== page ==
Capturing the 50th anniversary tour of legendary prog rock band King Crimson in 2019, Toby Amies’s film is a drama in miniature.
Robert Fripp, founding member and dogged perfectionist, speaks at length in this documentary about his craft, about past members, and about what comes after a life well lived. He’s very serious, sometimes abrasive, always thoughtful.
Like most bands with a long history, King Crimson have had many changes of personnel, settling as a eight-piece introduced by on-screen first names. Robert, Jeremy, Mel, Jakko, Tony, Pat, Gavin, Bill.
This is a personal story as much as a professional one. A story of young men who became old men, still enveloped in their art. Still nervous, too, in big venues.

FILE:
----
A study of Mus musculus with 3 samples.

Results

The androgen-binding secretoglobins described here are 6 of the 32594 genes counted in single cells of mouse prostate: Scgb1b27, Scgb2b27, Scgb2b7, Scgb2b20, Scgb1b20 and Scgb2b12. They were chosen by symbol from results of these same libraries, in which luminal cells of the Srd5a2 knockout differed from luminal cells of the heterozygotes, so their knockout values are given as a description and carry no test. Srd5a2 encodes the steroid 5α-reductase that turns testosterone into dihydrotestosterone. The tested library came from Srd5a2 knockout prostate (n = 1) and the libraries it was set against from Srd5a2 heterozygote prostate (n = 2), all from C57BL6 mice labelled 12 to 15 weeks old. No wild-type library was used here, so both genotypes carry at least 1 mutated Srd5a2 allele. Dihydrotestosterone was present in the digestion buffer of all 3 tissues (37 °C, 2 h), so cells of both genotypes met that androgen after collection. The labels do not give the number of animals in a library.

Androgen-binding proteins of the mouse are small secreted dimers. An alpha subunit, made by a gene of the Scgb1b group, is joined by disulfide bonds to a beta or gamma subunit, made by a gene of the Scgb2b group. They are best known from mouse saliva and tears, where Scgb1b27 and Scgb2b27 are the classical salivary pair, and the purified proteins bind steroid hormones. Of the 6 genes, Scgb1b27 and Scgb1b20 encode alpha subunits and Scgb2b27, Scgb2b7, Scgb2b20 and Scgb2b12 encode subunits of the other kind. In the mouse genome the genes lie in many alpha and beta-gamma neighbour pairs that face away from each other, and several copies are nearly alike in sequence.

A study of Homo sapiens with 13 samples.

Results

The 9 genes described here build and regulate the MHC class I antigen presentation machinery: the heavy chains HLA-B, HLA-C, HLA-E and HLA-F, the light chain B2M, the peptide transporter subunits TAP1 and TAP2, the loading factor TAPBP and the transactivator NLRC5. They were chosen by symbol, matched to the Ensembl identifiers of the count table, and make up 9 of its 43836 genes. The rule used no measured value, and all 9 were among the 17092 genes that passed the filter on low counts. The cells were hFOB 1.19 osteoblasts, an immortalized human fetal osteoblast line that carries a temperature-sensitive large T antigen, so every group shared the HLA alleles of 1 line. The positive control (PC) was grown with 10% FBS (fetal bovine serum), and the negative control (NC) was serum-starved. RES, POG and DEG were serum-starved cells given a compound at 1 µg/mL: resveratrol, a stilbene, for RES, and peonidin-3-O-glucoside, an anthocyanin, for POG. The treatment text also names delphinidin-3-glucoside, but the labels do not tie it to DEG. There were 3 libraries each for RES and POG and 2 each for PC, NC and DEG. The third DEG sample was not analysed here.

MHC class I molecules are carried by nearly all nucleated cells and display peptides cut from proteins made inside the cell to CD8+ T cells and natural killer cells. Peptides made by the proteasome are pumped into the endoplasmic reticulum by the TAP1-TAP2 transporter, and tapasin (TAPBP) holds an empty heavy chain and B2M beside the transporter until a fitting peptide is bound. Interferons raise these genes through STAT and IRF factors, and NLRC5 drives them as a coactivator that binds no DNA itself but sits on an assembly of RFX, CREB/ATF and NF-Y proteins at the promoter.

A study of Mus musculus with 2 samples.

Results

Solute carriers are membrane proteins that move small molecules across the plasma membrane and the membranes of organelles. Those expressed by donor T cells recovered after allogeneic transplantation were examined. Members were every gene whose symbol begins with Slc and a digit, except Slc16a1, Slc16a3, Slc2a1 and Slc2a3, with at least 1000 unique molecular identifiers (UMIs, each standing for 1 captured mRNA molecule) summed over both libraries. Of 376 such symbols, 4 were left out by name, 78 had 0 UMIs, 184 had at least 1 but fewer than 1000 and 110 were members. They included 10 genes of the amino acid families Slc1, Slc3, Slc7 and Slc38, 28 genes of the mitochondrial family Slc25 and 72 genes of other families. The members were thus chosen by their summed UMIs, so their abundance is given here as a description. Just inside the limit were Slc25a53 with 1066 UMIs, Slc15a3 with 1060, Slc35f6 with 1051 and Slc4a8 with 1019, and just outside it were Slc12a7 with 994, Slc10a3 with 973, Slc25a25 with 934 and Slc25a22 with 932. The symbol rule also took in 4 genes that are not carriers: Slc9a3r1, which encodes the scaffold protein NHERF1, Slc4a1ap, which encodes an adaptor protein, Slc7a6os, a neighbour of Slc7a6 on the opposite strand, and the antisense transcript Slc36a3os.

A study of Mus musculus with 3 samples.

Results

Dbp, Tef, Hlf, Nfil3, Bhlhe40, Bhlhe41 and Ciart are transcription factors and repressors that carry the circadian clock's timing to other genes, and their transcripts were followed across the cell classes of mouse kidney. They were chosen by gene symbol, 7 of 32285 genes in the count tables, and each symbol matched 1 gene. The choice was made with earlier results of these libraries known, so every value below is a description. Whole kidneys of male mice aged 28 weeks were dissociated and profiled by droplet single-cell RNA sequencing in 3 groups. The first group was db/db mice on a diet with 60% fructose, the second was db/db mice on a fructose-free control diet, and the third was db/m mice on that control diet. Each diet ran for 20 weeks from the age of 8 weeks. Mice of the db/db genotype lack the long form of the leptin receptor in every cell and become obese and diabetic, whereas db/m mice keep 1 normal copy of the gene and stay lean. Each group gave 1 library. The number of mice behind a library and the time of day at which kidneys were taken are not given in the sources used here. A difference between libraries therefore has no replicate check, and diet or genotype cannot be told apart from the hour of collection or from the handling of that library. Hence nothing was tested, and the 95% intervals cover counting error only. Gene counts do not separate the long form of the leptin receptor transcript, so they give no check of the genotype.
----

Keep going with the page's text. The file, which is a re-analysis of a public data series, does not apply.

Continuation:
There are moments which deeply move: Bill Rieflin, tired and close to death from cancer; Fripp, recalling meeting philosopher John Bennett, who he reveres; Ian McDonald and Fripp, both heartbroken at the 70s split apart of the band they co-founded.
The fans, too – even a nun. The constant need to improvise and refine the craft to provide the best possible show for them. Through thick and thin, they’ve been there.
This is not just a film for diehard fans. It’s for casual music lovers, too, who appreciate the ups and downs of playing together and achieving an easy compromise of sorts.
We meet the tech guys, the roadies, who keep the instruments in top condition, preserving changes and tweaks developed over years. “It’s an old man’s job”, quips one.
This film is a constant joy. Fripp in his formal clothes, keeping a tight reign on his creation, surrounded by collaborators who share the same vision. The constant, up-front drumming of a band marching to their own beat.
The past is not forgotten, either, with carefully chosen clips of the Greg Lake years. The music crafted under Fripp’s not always benign dictatorship is all – he’s notably snippy when asked questions he feels far beneath him.